Why it matters
A pair of my favorite estate planning clients revisited me this month for an update to their estate planning. I suspect they have our virtual checkups scheduled on their calendar for the same time every year. Like clockwork, they come back every two years on the same month.
One of the benefits of my virtual law office is that all of the contents of the case files are date and time stamped. My clients and I can easily locate the last time we talked and review exactly what we discussed and even access the last version of their documents. It’s nice to have that record to return to. Much like a patient’s medical history, it’s a record of this family’s legal planning for their future. We can pick up from the background we’ve already established.
Unfortunately, most of my clients do not follow up like this couple. I send out reminders to clients that they should consider reevaluating their estate planning every few years, and many will get back in touch, but following through with the full checkup takes longer. Estate planning gets pushed to the bottom of the priority list.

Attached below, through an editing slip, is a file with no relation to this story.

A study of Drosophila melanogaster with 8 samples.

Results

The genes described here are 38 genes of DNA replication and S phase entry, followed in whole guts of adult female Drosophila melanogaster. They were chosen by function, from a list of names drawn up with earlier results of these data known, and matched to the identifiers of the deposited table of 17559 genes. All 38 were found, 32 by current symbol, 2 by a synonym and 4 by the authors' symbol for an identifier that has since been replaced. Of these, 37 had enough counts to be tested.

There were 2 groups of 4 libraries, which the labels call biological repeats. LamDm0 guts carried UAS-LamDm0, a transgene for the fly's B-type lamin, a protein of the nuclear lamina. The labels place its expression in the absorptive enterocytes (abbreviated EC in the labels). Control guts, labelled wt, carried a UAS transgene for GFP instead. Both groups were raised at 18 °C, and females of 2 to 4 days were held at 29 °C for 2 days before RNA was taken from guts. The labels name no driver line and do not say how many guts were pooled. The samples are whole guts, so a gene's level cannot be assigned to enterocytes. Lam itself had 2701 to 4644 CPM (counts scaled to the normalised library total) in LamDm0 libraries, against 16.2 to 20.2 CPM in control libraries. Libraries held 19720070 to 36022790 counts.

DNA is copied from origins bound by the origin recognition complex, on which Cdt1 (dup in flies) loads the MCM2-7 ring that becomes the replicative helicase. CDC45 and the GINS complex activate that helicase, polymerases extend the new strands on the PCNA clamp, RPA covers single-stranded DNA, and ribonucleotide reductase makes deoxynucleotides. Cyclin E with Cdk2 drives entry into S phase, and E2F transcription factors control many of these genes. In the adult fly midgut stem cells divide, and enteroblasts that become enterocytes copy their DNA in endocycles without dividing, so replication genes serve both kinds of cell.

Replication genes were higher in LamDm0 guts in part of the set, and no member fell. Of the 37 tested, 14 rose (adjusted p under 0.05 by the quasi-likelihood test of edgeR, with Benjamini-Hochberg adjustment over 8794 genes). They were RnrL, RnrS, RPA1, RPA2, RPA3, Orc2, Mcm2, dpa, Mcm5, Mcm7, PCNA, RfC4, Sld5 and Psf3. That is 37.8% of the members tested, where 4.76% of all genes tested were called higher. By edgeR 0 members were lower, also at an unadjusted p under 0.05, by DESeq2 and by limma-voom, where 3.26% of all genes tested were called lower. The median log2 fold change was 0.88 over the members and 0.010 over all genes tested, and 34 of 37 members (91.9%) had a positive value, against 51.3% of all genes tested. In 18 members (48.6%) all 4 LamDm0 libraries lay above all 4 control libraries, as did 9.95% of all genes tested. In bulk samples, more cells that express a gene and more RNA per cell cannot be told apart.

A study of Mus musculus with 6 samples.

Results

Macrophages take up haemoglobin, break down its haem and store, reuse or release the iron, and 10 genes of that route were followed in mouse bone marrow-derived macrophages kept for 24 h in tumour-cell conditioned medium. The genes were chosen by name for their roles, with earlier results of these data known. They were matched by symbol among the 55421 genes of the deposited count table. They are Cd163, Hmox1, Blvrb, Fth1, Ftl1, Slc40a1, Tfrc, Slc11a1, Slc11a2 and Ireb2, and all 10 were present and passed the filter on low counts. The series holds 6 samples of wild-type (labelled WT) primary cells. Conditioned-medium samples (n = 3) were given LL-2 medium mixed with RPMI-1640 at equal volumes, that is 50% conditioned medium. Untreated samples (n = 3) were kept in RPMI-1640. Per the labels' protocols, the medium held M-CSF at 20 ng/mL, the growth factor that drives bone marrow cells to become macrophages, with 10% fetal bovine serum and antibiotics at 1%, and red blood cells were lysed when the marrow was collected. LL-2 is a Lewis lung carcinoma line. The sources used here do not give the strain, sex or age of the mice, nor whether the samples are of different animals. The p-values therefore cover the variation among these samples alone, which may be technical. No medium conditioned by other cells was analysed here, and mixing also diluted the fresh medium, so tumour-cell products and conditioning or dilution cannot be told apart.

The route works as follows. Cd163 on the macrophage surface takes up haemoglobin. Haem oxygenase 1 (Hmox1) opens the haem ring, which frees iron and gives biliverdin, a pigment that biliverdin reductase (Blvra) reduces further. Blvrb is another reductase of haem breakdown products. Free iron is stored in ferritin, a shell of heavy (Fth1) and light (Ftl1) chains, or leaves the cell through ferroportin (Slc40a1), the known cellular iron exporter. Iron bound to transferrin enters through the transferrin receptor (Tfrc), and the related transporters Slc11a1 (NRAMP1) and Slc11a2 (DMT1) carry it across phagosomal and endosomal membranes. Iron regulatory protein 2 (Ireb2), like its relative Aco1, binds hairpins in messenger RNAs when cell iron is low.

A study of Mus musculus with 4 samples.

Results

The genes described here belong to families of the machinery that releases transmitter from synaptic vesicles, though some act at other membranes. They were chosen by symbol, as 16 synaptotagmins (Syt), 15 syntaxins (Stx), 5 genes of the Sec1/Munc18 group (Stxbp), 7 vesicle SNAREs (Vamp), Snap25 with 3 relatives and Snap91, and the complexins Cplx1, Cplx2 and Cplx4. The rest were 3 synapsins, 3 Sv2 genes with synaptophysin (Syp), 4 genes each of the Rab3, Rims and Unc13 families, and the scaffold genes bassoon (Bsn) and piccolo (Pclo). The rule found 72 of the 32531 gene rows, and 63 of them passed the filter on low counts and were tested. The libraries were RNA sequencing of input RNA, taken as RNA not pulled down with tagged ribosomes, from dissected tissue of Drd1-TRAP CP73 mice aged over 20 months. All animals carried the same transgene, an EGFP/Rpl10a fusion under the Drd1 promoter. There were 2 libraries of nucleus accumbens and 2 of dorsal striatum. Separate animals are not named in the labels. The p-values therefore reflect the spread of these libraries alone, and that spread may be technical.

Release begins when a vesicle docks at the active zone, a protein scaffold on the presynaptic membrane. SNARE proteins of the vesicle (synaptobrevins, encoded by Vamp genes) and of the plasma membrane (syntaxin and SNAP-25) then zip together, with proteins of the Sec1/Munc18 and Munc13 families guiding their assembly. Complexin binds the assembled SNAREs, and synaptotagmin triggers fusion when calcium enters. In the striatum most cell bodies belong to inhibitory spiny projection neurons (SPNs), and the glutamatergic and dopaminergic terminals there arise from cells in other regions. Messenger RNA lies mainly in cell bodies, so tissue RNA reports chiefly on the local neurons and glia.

My husband and I are guilty of it ourselves. We make regular checkups for our children at the pediatrician. We schedule dentist appointments for every member of the family. But regular “legal checkups” for estate planning are the easiest to push off into another month.
Why is this? I certainly know the value of reviewing legal documents every few years. There are two reasons I think this may be the case for most of us: 1) The death of ourselves or our loved ones is the last thing healthy people want to think about, and 2) for most people, there is no perceived immediacy. Your child needs to visit the pediatrician for vaccines before being allowed to enter school. Your teeth will be in bad shape and potentially in pain if you don’t have them regularly cleaned. Your death is hopefully a long ways off.
Aside from scheduling your legal estate planning checkup to recur on the calendar each year at the same time, how can you make the process less likely to fall through the cracks?